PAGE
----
NASA’s Parker Solar Probe, mankind’s first mission to ‘touch’ the Sun, was successfully launched today on an unprecedented, seven-year-long journey to unlock the mysteries of the star’s fiery outer atmosphere and its effects on space weather.

Liftoff of the USD 1.5 billion mission took place from Space Launch Complex 37 at Cape Canaveral Air Force Station in the US at 3:31 am EDT (1:01 pm Indian Standard Time).

“3-2-1… and we have liftoff of Parker #SolarProbe atop @ULAlaunch’s #DeltaIV Heavy rocket,” the US-based space agency tweeted.

The launch of the United Launch Alliance Delta IV Heavy rocket carrying the spacecraft was scrubbed yesterday due to a violation of a launch limit, resulting in a hold.

“The spacecraft is in good health and operating on its own. Parker Solar Probe has begun its mission to ‘touch’ the Sun,” NASA said in a blog post.

The spacecraft successfully separated from the carrier rocket and deployed its solar arrays shortly after launch.

The mission is the first to be named after a living scientist – 91-year-old Eugene N Parker, who first predicted the existence of the solar wind in 1958.

The solar wind is a stream of charged particles and magnetic fields that flow continuously from the Sun.

The car-sized probe will travel directly into the Sun’s atmosphere, about 3.8 million miles from its surface – and more than seven times closer than any spacecraft has come before, thanks to its innovative Thermal Protection System.

At closest approach, when the probe will hurtle around the Sun at approximately 700,000 kilometers per hour, the front of the solar shield will face temperatures approaching 1,377 degrees Celsius.

The probe will perform the closest-ever observations of a star when it travels through the Sun’s outer atmosphere, called the corona. It will make 24 passes through the corona.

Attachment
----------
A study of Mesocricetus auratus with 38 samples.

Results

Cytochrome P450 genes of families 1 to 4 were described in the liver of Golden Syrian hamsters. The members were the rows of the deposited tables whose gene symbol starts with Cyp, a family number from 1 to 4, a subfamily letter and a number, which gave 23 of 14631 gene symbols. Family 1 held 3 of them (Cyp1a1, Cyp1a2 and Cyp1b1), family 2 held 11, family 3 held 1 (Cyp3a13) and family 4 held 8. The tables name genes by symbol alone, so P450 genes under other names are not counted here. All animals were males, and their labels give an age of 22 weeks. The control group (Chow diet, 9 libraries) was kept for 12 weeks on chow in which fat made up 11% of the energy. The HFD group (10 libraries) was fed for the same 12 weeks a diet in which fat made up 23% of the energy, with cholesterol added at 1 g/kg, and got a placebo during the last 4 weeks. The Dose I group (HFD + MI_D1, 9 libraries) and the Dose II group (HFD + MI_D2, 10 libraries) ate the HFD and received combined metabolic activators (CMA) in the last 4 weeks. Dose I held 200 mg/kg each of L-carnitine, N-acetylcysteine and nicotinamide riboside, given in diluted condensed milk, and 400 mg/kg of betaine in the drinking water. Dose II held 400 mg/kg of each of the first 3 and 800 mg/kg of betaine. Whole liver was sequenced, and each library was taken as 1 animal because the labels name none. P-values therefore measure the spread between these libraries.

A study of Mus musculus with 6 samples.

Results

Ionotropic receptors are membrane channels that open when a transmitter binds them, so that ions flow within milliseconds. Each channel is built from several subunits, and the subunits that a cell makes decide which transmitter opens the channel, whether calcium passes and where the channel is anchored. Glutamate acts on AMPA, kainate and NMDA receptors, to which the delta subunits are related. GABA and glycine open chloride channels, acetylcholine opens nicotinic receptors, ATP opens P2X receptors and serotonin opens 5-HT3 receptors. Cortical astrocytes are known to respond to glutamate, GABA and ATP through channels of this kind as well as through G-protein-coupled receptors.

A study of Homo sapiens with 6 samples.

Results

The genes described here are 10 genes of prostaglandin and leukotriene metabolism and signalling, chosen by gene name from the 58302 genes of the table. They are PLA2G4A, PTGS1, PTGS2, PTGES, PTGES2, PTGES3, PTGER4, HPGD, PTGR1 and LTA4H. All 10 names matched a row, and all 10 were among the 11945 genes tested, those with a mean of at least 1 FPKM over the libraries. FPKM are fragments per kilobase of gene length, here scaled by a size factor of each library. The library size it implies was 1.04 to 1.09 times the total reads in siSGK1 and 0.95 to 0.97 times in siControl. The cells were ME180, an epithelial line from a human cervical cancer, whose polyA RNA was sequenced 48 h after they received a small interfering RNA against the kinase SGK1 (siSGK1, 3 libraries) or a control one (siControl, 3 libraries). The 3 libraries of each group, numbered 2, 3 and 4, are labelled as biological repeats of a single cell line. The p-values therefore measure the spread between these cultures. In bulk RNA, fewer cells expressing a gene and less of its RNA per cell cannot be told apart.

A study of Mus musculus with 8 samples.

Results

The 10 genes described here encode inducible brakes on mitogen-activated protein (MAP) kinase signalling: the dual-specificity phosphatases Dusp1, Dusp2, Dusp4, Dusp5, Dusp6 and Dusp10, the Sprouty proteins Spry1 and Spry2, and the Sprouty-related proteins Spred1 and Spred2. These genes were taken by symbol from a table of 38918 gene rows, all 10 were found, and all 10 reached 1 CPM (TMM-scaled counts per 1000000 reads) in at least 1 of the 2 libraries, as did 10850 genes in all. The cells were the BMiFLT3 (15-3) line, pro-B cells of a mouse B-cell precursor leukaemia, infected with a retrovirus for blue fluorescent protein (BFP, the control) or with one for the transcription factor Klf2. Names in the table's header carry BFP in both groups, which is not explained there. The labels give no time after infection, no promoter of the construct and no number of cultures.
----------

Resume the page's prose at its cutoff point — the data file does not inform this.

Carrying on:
In order to unlock the mysteries of the Sun’s atmosphere, the probe will use Venus’ gravity during seven flybys over nearly seven years to gradually bring its orbit closer to the Sun.

The findings will also make critical contributions to our ability to forecast changes in Earth’s space environment that affect life and technology on Earth.

The spacecraft will fly close enough to the Sun to watch the solar wind speed up from subsonic to supersonic, and it will fly through the birthplace of the highest-energy solar particles.

To perform these unprecedented investigations, the spacecraft and instruments will be protected from the Sun’s heat by a 4.5-inch-thick carbon-composite shield, which will need to withstand temperatures outside the spacecraft.

The primary science goals for the mission are to track how energy and heat move through the solar corona and to explore what accelerates the solar wind as well as solar energetic particles.

Scientists have sought these answers for more than 60 years, but the investigation requires sending a probe right through the heat of the corona.

Today, this is finally possible with cutting-edge thermal engineering advances that can protect the mission on its dangerous journey, the space agency said.

A Sun-skimming mission like Parker Solar Probe has been a dream of scientists for decades, but only recently has the required technology – like the heat shield, solar array cooling system, and fault management system – been available to make such a mission a reality, it added.